PITTSBURGH –– The American Red Cross is responding throughout the United States as dangerous cold air and frigid wind chills continue to impact people across most of the country.

Nearly 1,000 people stayed in 100 Red Cross and community shelters across 13 states last night because of the weather. The local Red Cross is working closely with local government and county Emergency Management officials and is prepared to respond as necessary.

To stay safe during this winter storm, the Red Cross urges people to follow these steps:


• Wear layers of lightweight clothing to stay warm. Gloves and a hat will help prevent losing body heat.

• Seek medical attention immediately if you have symptoms of hypothermia, including confusion, dizziness, exhaustion and severe shivering.

• Watch for symptoms of frostbite, including numbness, flushed gray, white, blue or yellow skin discoloration, numbness, or waxy feeling skin.

• Don’t forget your pets – bring them indoors. If they can’t come inside, make sure they have enough shelter to keep them warm and that they can get to unfrozen water.

• Avoid frozen pipes – run water, even at a trickle, to help prevent them from freezing. Open the kitchen and bathroom cabinet doors to allow warmer air to circulate around the plumbing. Be sure to move any harmful cleaners and household chemicals out of the reach of children. Keep the garage doors closed if there are water lines in the garage.

• Keep the thermostat at the same temperature day and night to help keep pipes from freezing. Your heating bill may be a little higher, but you could avoid a more costly repair job if your pipes freeze and burst.

• Download the American Red Cross First Aid App for quick, expert advice on what to do in case of an emergency. This free app is available on the Apple iTunes or Google Play stores. See all Red Cross apps at RedCross.org/MobileApps.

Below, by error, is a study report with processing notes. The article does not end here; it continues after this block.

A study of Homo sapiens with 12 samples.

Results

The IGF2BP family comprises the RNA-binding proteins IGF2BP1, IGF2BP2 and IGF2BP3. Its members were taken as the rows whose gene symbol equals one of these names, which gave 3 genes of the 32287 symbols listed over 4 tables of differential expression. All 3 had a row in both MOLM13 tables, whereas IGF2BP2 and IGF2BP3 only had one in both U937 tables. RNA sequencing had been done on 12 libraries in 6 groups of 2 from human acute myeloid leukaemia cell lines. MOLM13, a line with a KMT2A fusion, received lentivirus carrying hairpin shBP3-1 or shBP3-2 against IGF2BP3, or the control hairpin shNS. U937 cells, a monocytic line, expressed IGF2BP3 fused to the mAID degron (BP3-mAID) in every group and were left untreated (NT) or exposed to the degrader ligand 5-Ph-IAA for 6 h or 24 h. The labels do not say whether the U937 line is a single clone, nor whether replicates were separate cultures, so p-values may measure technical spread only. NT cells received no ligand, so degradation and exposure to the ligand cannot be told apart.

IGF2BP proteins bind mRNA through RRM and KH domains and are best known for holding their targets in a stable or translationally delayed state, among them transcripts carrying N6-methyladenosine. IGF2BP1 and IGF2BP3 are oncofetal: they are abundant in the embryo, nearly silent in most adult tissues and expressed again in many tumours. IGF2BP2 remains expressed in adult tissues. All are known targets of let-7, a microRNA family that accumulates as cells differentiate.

Red Cross workers are also responding to numerous home fires across the country. During extremely cold weather, the risk for homes fires can increase. To avoid danger, you should remember the following:

• Never use a stove or oven to heat your home.

• If you are using a space heater, place it on a level, hard surface and keep anything flammable at least three feet away – things such as paper, clothing, bedding, curtains or rugs. Turn off space heaters and make sure fireplace embers are out before leaving the room or going to bed.

• If you are using a fireplace, use a glass or metal fire screen large enough to catch sparks and rolling logs.

• Use generators correctly – never operate a generator inside the home, including in the basement or garage.

• Don’t hook a generator up to the home’s wiring. The safest thing to do is to connect the equipment you want to power directly to the outlets on the generator.


Snow and bitterly cold temperatures across many parts of the country have caused the cancellation of about 240 Red Cross blood drives in 23 states, resulting in a shortfall of nearly 7,000 blood and platelet donations. Despite the weather, hospital patients across the country still need blood.

• Donors in unaffected areas are encouraged to make and keep blood and platelet donation appointments to help offset the current shortfall.

• Donors in affected areas are urged to give blood or platelets as soon as travel is deemed safe.

• You can make an appointment to give blood online at RedCrossBlood.org or by calling 1-800-RED CROSS.

• To give blood, someone must be at least 17 years of age, meet weight and height requirements and be in general good health. Donors should bring their Red Cross blood donor card or other form of positive ID with them. Some states allow 16-year-olds to give with parental consent.

For more information on how to stay safe this winter, visit the winter storm safety information available on RedCross.org.